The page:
Light green fabric billows from the walls, grotesque wax figures hang from wires, and an electric glowing eye decorate a room in Benny Evangelist’s home on Detroit’s St. Aubin Street in 1929.
This is where Evangelist, a cult leader, called on spirits and healed his followers, that is, until he was allegedly axed to death along with his wife and four young children, as Karin Risko, owner of City Tour Detroit, will tell you on her popular bus tours.
“History is never really pretty,” Risko says. “People like to get caught up in nostalgia, but murder and gory stuff is not a new thing for this city.”
Death and dysfunction might not be a new thing, but “dark tourism” — visiting places historically associated with tragedy and suffering — is a new side of the tourism industry gaining popularity in Detroit. Since the death of Soundgarden frontman Chris Cornell at his MGM Grand hotel room in May of 2017, there has been an increased interest in other “dark” spots around town. (Fans reportedly expressed interest in booking the room where Cornell’s body was discovered.) To satisfy that macabre craving, check out these historically haunted attractions and landmarks.
“The Detroit River played a huge part in Prohibition,” says DHT owner, Bailey Sisoy Isgro. “There’s plenty of sunken Model T’s and shipwrecks, and it has its fair share of boats sinking and tragic deaths.”
Rumor has it, the ghost of a young boy roams the courts, spending his time scaring workers and visitors.
Beloved magician Harry Houdini performed his last show here in Detroit. While the theater no longer stands at the corner of Griswold Street and Michigan Avenue, the spot, along with Grace Hospital where he later died on Halloween, was once a popular location to hold séances in an attempt to reach him beyond the grave.
His wife, Bess, allegedly waited to hear the code word “believe” for 10 years at the annual séances for proof that her husband existed beyond the mortal world.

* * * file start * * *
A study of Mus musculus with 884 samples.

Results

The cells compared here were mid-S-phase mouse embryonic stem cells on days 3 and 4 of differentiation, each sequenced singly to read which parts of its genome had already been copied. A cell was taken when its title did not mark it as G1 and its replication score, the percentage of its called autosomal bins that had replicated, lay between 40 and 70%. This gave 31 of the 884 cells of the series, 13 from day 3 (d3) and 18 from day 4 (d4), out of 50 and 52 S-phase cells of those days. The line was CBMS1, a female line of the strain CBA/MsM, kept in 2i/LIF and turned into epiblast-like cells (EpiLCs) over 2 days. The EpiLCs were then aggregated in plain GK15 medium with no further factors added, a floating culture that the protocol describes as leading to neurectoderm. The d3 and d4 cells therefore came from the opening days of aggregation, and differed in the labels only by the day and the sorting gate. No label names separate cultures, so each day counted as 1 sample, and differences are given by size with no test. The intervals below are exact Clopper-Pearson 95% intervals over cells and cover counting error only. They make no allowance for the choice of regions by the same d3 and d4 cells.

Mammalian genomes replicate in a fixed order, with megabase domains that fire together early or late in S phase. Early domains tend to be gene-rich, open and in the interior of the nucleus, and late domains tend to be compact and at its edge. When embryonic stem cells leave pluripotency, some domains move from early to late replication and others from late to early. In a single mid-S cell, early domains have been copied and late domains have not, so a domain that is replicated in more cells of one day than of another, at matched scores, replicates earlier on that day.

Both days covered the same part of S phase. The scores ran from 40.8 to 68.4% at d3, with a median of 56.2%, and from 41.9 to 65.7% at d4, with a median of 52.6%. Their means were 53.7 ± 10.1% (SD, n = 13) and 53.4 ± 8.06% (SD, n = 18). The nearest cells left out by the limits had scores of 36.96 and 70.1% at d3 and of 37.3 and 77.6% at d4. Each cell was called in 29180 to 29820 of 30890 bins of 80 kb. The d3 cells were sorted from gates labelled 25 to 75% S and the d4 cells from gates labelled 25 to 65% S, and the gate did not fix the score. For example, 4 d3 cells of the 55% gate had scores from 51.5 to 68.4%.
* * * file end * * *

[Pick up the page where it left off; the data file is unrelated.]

“After all those years, she was rumored to have said, ‘10 years is long enough to wait for any man.’ ” says CTD’s Risko.
3. Leland Hotel
Kelli Kavanaugh, owner of biking tour company Wheelhouse Detroit, says the former Leland Hotel on the corner of Cass and Bagley Avenues was a hangout of the notorious Purple Gang. It was also rumored to be Jimmy Hoffa’s favorite hiding place, and people have caught glimpses of his spirit roaming the fourth floor.
Kavanaugh adds that other notable spirits include the white lady of the basement, sometimes spotted peering at the dancing people in the hotel’s lower-level night club, the Labyrinth.
With more than 1,000 rooms and secret passageways for ghosts and ghouls to hide, it’s no surprise, Kavanaugh says, that many employees refuse to enter certain rooms at The Masonic Temple, and some have even quit after run-ins with resident spirits.
Legend has it that builder George D. Mason went broke financing the building, and having lost all his money, became despondent and leapt off the roof to his death.
5. The Whitney
David Duey, the mansion’s director of operations, told the Detroit Free Press that he’s watched the elevator operate on its own — opening and closing with no one in sight.
Isgro says David Whitney’s second wife, Floria, may spend her days angrily roaming the mansion. Not only did she die before the completion of the new house, but her husband remarried her younger sister a year later.
6. Woodmere Cemetery
This gravesite, located at West Fort Street and Woodmere Avenue, houses notable Detroiters like David D. Buick, as well as more infamous men, like Luke Phipps, who shot his wife Effie three times on the Windsor/Detroit ferry. Risko says Phipps was hanged, but revived by doctors looking to test new medical technology.
“The police freaked out, so they ordered the doctors to stop the experiment, causing Luke to die all over again,” she says. “Some say dying twice is too small a price to pay for killing your wife.”
This post was originally published in 2017 and has been updated for 2022.